EC&I 832,  Weekly Reflections

Week #6 Reflection: Transhumanism

During the group discussion, we talked about embracing transhumanism as the approach we should take in a digital and networked world. Transhumanism can affect our future digital identity and humanity. According to Gui (2015), transhumanist futures in which the human condition transcends our biological bodies are closer than one might think. However, I’m skeptical about transhumanism. I still think we should recognize the limits of technology and understand why those limits exist. Transhumanists see no boundaries because they see the human body as a machine that can be manipulated and tinkered with by technology. Is our body really just a mechanical device? Machines and biological creatures all have some kind of systems. Machines are intentional decisions by designers, but that’s not the case with biological creatures. Biology arises from a series of physical and chemical accidents in evolution that coincide with the possibility of individual survival in an overall environment. Biological creatures are not produced by any single process; in fact, they retain a strange amount of arbitrariness, redundancy, and unpredictability. The hope of controlling biological creatures in the same way that machines are controlled will undoubtedly suffer setbacks. Therefore, we must realize the dangers of overexploiting technology. The more violently we violate nature, the worse our destiny will be.

A Review of Reaching for Immortality. By Sandra Godde. - CultureWatch

Digital Identity and Digital Citizenship

Genders, religions, and some moral ethics of physical identities may not reflect the reality of digital identities. For the futures of digital identity, it will lead to a new paradigm in the formulation of regulations, ownership rights, penalties for misconduct, and an economy that applies only to the digital realm or the interconnectedness between the digital and physical worlds. Digital identity serves as a bridge between the physical world and the digital world. The network provides intelligence and unlimited connectivity, enabling complete synchronization between the physical and digital worlds. Technological innovation promotes the deep integration of the physical world and the digital world, and the digital space provides another platform for human beings to practice citizenship. While digital technology promotes social progress, human identity and status have also been comprehensively developed and actively shaping and promoting the birth of digital citizens. The concept of traditional citizen is limited by regional conditions, time and space environment. A digital citizen is the identity symbol of the citizen to realize their rights and fulfill their obligations in the digital space driven by information technology. The traditional concept of citizenship based on country and region is no longer sufficient to express individual identity. There is also a new dimension to the “digital citizenship” of modern digital communities. Digital technology provides a “dual identity” for citizens, enabling human beings to get rid of the constraints of physical space and physical presence and to develop themselves, participate in public activities and realize identity through digital space and virtual online. Therefore, the line between our physical identities and digital identities will be getting blurry and blurry.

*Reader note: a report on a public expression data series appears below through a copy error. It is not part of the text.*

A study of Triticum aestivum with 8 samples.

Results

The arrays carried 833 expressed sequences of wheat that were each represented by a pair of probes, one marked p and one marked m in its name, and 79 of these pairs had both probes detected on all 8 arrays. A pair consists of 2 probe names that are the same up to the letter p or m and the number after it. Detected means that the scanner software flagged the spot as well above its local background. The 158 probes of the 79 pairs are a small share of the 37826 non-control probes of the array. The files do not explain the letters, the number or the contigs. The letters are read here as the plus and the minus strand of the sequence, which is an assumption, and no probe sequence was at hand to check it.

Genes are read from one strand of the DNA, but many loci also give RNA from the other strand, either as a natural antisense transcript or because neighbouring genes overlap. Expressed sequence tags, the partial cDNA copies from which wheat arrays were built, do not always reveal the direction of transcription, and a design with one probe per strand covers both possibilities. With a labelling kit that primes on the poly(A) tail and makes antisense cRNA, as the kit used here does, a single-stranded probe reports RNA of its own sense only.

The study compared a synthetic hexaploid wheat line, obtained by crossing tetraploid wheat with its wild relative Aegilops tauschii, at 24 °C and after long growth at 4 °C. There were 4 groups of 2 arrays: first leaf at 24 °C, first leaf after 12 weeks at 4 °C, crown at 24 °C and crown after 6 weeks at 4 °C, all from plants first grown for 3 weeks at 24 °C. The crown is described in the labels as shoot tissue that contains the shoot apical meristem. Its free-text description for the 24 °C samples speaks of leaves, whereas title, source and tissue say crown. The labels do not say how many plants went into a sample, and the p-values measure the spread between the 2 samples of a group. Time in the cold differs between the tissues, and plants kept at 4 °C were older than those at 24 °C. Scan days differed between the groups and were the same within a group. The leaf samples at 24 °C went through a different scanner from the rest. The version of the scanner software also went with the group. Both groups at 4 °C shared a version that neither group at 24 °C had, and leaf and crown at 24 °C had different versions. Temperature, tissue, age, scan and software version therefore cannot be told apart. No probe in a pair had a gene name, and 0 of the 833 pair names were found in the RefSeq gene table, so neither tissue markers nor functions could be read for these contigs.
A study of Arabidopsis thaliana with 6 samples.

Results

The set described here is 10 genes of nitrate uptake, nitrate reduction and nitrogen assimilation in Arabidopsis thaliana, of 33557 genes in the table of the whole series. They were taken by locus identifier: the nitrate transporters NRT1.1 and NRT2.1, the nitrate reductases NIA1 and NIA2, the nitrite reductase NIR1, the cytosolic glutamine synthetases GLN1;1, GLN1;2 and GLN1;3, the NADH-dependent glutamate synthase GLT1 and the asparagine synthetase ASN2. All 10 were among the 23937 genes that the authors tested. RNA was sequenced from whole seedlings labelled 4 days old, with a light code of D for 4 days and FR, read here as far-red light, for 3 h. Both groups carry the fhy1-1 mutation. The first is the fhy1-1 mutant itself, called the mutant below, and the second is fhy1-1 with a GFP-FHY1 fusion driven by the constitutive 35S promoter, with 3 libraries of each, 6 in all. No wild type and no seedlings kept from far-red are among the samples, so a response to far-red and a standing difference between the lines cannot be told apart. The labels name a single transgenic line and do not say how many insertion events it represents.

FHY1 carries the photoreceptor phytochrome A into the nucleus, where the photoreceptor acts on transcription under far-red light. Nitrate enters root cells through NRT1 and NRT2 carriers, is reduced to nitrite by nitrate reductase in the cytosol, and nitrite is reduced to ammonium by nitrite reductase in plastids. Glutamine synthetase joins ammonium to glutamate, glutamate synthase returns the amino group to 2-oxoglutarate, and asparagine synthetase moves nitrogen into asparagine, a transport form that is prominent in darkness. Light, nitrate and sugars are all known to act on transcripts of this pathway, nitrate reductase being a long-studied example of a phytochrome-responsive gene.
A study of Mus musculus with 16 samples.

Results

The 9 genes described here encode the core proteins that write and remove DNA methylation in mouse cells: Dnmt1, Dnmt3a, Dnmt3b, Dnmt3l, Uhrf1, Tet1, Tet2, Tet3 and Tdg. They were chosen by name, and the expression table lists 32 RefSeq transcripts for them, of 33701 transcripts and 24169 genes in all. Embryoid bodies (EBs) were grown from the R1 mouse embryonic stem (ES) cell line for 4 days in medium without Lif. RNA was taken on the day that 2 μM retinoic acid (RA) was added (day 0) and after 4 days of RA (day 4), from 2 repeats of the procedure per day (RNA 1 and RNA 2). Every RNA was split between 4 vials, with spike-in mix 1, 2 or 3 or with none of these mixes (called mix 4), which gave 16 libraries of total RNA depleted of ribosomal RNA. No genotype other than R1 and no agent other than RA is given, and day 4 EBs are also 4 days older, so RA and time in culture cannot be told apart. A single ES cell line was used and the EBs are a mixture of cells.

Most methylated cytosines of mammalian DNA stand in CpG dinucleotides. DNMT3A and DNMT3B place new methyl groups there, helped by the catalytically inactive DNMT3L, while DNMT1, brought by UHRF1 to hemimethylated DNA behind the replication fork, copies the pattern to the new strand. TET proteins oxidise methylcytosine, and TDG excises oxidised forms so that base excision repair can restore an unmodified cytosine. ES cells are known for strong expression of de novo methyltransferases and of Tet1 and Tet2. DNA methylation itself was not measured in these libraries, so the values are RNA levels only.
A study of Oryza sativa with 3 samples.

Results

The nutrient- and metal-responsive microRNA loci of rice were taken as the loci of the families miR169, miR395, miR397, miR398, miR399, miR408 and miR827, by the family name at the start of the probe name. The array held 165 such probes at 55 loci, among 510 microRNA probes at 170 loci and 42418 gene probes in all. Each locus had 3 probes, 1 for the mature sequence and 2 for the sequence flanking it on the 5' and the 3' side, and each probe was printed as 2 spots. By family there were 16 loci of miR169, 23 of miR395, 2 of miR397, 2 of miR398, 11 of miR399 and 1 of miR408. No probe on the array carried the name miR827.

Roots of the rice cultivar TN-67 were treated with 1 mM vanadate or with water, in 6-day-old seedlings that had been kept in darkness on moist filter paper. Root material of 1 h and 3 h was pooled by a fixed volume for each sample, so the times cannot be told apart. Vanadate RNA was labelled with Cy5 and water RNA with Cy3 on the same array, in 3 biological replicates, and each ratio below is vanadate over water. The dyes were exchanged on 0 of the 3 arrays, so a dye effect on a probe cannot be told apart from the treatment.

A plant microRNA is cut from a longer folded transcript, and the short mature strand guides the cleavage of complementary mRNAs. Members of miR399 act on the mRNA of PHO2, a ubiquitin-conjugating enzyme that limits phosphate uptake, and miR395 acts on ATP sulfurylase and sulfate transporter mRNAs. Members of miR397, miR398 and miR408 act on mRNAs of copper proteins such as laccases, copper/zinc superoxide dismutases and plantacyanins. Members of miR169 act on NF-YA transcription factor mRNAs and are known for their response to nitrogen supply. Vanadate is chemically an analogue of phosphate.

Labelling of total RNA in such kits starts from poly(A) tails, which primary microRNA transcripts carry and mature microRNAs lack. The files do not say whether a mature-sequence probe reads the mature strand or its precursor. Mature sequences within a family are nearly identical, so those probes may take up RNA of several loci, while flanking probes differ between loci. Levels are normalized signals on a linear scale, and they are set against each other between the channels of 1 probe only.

Future Practices from Web 2.0 to Web 3.0

With the rapid development of the Internet, the form of identity has gradually transitioned from entity to virtualization, digitalization and networking. How to help students build an identity with certainty and credibility in the digital age has become an urgent topic for teachers to discuss. Self-Sovereign Identity (SSI) provides the means for individuals or organizations to be sole owners of their digital identities. Thanks to SSI, we can control how our personal data is used and shared. Today, we rely on digital services for many aspects of our daily lives, from online shopping to financial services, so-called Web 2.0. We use multiple, if not hundreds, accounts to interact with different centralized web platforms, such as social media or email services. We either create an account for each platform or use a single sign-on offered by a service provider like Facebook or Google. No matter which method we use, our data is centrally stored by the account provider. Thus, we have no control over how our data is used or shared with other platforms, and these data are representative of our identities.

Difference Between Web 2.0 And Web 3.0 - Stellar Digital

In order to overcome all of these problems of a centralized identity model, we need to introduce a decentralized identity model to achieve self-sovereign identity. It is a user-centric digital identity where we as users have complete control over our online identities. In the future, we will all use autonomous identities to interact peer-to-peer in the digital world, rather than relying on other parties’ account-based digital identities. Self-sovereign identity is a combination of real identity and the digital world that will ultimately make people’s lives better.